On Thursday, the third in a new class of preventative migraine medications got approved.
The drug, Emgality, came out at the same list price as the other two medications in the class — $575 per month, or $6,900 a year — along with a plan to provide the drug for free to commercially insured patients for up to a year.
And it’s not the only drug to offer up huge discounts in the first few months — and even years — of coming onto the market, with each drugmaker aiming to capture the migraine market.
Until May, there weren’t any FDA-approved drugs available for alleviating migraines, though other treatments, including Botox and anti-seizure medications, have been used. Pain relievers have also been used to help treat some of the symptoms of migraines.
The new drugs, taken as monthly or quarterly injections, aim to cut down on the number of migraine days patients experience.
About 15 million of those people are eligible for these preventive treatments.
Here’s a breakdown of each drug’s approach to owning the market:
- Amgen and Novartis, Aimovig: $575 per month list price and two months of free samples, followed by a patient assistance program that provides up to a year of coverage if commercial insurance doesn’t cover it. For those with commercial insurance, there’s a $5 copay program that’s capped at $2,700 a year.
- Teva, Ajovy: $575 per month list price and a savings card that lets patients access Ajovy for free until December 2019.
- Lilly, Emgality: $575 per month list price, as well as starter kits in doctors’ offices. Lilly also plans to have a patient access program that provides up to 12 months of Emgality for free.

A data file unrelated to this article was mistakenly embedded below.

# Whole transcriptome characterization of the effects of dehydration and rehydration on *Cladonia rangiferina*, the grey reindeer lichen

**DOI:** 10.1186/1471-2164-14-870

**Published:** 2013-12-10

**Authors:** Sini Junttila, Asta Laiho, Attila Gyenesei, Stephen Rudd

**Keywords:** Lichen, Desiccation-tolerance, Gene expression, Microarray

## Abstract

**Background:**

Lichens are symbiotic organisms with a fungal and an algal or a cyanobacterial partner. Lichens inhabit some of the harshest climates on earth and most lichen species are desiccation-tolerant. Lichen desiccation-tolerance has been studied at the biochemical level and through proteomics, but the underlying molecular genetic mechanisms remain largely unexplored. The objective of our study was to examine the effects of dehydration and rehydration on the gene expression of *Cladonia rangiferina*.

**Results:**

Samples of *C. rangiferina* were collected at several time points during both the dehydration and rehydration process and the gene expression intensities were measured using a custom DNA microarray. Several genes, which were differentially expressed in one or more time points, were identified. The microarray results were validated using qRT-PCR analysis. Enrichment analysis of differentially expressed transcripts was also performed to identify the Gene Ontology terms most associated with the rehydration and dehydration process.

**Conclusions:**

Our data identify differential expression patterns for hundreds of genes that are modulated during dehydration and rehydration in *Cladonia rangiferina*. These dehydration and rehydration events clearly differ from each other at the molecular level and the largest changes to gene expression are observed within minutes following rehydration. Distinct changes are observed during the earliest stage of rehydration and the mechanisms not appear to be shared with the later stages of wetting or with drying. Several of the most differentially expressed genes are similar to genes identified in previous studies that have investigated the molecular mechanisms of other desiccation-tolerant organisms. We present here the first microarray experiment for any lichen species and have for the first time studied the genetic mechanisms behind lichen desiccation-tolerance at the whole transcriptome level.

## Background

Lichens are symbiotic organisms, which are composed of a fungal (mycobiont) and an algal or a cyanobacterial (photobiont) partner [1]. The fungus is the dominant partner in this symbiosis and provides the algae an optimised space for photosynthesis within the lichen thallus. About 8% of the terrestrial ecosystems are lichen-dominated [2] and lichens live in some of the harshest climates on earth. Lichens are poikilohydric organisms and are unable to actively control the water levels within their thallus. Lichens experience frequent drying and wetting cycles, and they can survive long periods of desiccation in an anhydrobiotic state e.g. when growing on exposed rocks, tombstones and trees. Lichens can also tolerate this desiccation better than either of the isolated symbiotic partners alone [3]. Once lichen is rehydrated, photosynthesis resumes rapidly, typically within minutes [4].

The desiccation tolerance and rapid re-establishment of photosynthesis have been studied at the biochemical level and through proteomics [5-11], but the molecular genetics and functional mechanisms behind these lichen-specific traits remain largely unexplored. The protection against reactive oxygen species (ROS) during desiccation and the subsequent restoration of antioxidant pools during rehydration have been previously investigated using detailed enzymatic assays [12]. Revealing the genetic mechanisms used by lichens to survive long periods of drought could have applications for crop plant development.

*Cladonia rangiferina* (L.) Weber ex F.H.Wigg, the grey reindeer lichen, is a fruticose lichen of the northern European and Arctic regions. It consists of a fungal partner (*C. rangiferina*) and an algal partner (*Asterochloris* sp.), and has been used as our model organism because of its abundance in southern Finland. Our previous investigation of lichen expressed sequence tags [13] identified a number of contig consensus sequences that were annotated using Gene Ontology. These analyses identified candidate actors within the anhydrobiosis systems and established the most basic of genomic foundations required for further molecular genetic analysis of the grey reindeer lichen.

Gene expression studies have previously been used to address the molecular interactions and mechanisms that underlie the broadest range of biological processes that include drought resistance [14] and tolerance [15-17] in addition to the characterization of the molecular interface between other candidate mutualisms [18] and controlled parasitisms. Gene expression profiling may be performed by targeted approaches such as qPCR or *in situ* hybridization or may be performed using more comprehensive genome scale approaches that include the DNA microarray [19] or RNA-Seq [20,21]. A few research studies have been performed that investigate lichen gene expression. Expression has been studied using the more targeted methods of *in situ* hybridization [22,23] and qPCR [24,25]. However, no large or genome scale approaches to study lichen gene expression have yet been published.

In recent years, when competing drugs, such as treatments for hepatitis C, enter the market, newcomers have undercut the list price of medications. That’s not the case with the preventive migraine treatments.
“We believe the market for the next year will be very contentious and net pricing could be substantially lower than the $6,900 list price,” Wells Fargo analyst David Maris said in a note Friday. There are still discounts drugmakers provide to middlemen in the form of rebates, which will likely be a competitive area for the three drugs.
For example, Wei-Li Shao, the vice president of Lilly’s neuroscience business, told Business Insider that the company is also in conversations with organizations responsible for paying for medications, such as pharmacy benefit managers, to strike up “value-based agreements” in which the drugmaker would get paid for a medication based on how well it reduces migraines in a particular patient.
For the drugmakers, providing the drug for free serves as a way to get access to more patients at the upstart. Because the treatments are preventative and migraines are a chronic condition, the expectation is that patients will be on the medication for a long enough time to make up for it, even if the drugmakers aren’t making money off of it for months after it comes on the market.
“We view this strategy as testament to the recognized long-term size/value of this largely prevalent pool of patients where we expect a significant degree of ‘stickiness’ once patients are on treatment with a specific agent as opposed to competing on price,” RBC Capital Markets analyst Kennen MacKay said in a note Friday.
Analysts expect Aimovig alone to reach $1 billion in annual sales by 2022, while Wells Fargo projected Ajovy to have $818 million in sales by 2022.